In January 2019, Island Press released Watershed Media co-founder Dan Imhoff’s third edition of his acclaimed primer on U.S. food and farm policy. The Farm Bill: A Citizen’s Guide was the result of a few years of research and revisions to the previous 2012 edition of the book, under the previous title, Food Fight. Christina Badaracco, graduate of the University of California at Berklee’s master program in public health, was a co-author on the project.

The book made immediate impact when Imhoff and Badaracco appeared in Washington DC in late January for a series of events which included a public talk at Busboys and Poets bookstore and a Congressional briefing co-sponsored by CA-Rep. Jared Huffman and OR-Rep. Earl Blumenauer. Watershed Media was extremely pleased to collaborate with Ricardo Salvador, Mike Lavender and Sarah Reinhardt of the Union of Concerned Scientists on these events.

In late March Imhoff travelled to Baltimore for an appearance at the Bloomberg School of Public Health at Johns Hopkins University. Co-authors Imhoff, Badaracco and economics professor Adam Sheingate spoke to a packed lunchtime auditorium that included professors, the public and students from a number of different programs within the university.

Press around the book has been steady. A number of interviews have been published including podcasts from the Institute for Agriculture and Trade Policy and Roots of Change. Imhoff also has contributed op-eds to Civil Eats, Environmental Health News, and the Sustainable Food Trust in the wake of the passage of the 2018 Farm Bill in December.

The latest edition of the Citizen’s Guide is nearly 300 pages long with over 50 updated charts and diagrams and a new format designed to make the technical language of the massive bill understandable to broad readership. The book also features a foreword by Marion Nestle, one of the country’s leading champions of food and farm policy reform.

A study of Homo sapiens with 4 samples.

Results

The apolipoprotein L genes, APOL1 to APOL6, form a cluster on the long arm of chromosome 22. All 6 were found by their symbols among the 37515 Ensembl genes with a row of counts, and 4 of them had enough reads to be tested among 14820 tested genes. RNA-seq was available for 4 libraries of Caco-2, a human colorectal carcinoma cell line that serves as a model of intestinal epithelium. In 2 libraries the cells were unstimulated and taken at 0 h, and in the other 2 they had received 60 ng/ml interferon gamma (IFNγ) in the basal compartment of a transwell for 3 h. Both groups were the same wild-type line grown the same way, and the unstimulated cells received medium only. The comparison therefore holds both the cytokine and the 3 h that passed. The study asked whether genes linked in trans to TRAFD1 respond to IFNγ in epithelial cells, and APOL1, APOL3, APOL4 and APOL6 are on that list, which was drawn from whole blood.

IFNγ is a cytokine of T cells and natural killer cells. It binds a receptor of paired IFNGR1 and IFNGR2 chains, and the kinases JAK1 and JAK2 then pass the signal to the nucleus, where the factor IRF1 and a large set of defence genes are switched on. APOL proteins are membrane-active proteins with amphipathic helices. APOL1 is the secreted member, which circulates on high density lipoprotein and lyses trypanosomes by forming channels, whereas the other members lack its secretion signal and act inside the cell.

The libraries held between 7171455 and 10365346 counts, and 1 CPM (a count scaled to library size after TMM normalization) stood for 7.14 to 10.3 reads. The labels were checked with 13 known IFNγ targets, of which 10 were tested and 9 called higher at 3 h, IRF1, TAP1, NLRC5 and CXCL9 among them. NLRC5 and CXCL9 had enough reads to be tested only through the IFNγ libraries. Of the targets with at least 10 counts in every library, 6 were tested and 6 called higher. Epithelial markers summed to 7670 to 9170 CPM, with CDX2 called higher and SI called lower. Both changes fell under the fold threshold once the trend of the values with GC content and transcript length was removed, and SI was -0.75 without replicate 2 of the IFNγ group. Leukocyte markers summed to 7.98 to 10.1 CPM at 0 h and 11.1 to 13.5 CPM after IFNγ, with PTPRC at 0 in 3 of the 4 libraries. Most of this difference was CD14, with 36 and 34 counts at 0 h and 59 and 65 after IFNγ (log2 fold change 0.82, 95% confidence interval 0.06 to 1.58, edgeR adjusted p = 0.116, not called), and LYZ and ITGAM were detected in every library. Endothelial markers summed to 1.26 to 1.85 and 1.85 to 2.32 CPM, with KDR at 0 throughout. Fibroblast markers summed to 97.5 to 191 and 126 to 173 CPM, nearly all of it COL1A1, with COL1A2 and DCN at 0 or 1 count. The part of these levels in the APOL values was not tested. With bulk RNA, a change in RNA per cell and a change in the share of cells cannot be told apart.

The Farm Bill has already become a popular text for the burgeoning number of classes in sustainable food systems in universities around the country. The book is also a compelling resource to bring together various members of society to try to reform a critically flawed yet vitally important legislation. The early editions of this book inspired the City of Seattle to write its own Farm Bill Principles, which were later adopted by the National League of Cities.

Imhoff’s favorite story of how a book can activate audiences and influence influencers involves chef Michel Nischan and the group he co-founded, Wholesome Wave. Following the publication of the first edition of Food Fight, Imhoff was invited by Nischan to speak at the Westport Playhouse at a Wholesome Wave and American Farmland Trust event in 2007. It was attended by the late Gus Schumacher, a former Under Secretary of Agriculture at USDA and CT-Rep Rosa DeLauro, among others.

Inspired by a slide from Imhoff’s book that graphically represented how Farm Bill dollars are spent, Wholesome Wave began advocating for SNAP funds to be used to increase the affordability and availability of fresh fruits and vegetables to low-income Americans.

The effort evolved into the Food Insecurity Nutrition Incentives program (FINI) which helps SNAP recipients double their purchases of local produce at farmer’s markets and other retail points of sale. In the recently passed 2018 Farm Bill, the program received permanent funding status with a budget of up to $250 million per year for five years and is now known as The Gus Schumacher Nutrition Incentive Program.